Most pilots are completely addicted to coffee. Stand in the concourse at any airport and watch us arriving for our flights. If we work for a posh airline, one hand is pulling a rolling carry on bag with a leather case on top. The other hand clutches a cup of coffee. If we work for a scruffy company we're not on the concourse, and we're hauling a knapsack, but the coffee is ubiquitous. Part of it is the need to be sharp despite irregular hours and part of it is the culture.
Here's a conversation about flying the Airbus A320:
"So you set the autopilot through four hundred feet and then order your coffee?"
"Are you kidding? We set the autopilot right away. By four hundred feet we have the coffee in our hands."
Pilots drink coffee. We're expected to drink coffee. While we're waiting for the airplane, while we're waiting for the weather, or while we're waiting for the approach clearance. Even if you're not addicted to coffee, you drink it because everyone else is, and then you are addicted.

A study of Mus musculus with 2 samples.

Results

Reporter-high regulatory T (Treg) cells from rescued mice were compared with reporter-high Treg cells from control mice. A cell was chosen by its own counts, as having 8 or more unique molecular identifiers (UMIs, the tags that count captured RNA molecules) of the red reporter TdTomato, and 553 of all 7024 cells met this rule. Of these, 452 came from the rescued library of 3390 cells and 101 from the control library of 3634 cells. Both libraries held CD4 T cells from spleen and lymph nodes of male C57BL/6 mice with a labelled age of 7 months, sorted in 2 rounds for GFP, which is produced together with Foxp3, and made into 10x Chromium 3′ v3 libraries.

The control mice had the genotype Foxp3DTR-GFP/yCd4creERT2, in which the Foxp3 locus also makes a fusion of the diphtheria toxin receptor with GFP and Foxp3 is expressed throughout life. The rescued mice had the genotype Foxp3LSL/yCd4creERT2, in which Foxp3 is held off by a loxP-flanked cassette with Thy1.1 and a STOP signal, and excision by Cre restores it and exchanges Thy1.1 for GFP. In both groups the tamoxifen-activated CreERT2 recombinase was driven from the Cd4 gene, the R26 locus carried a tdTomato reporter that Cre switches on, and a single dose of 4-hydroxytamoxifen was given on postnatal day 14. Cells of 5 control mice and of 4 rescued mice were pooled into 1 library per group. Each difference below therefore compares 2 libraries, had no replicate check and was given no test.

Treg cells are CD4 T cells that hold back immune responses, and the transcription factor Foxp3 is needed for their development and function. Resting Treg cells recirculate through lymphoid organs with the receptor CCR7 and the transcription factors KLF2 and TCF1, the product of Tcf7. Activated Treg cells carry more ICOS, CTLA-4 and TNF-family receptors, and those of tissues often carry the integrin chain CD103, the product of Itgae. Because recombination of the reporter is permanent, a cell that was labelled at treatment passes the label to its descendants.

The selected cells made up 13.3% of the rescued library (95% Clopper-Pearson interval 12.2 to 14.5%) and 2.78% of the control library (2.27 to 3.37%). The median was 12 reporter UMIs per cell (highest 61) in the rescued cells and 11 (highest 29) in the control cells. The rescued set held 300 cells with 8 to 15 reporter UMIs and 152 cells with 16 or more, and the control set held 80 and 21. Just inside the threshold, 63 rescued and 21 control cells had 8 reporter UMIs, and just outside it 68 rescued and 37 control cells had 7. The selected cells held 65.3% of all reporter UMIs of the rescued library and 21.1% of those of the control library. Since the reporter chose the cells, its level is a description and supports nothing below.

When I tried to kick the habit, it was like a well-known line from the movie Airplane, I picked the wrong week to give up coffee. I ended up flying with the chief pilot.
Very early one morning I was in a hotel lobby eating eating croissants and waiting for the rest of my crew, when I saw a uniformed pilot from another company. I made a generic comment of greeting, along the lines of "Good morning, what are you flying?" After a dismissive grunt, he declined to acknowledge me further. He pushed past me and went up to the reception desk to complain loudly about there being no coffee left.
Later, on the van to the airport, one of my crew turned to start a conversation with Captain Too-Good-To-Talk-To-Aviatrix. I was about to warn him, but to my surprise he answered my colleague quite civilly. And then I realized, he was now holding a cup of coffee. It really should be on our checklists.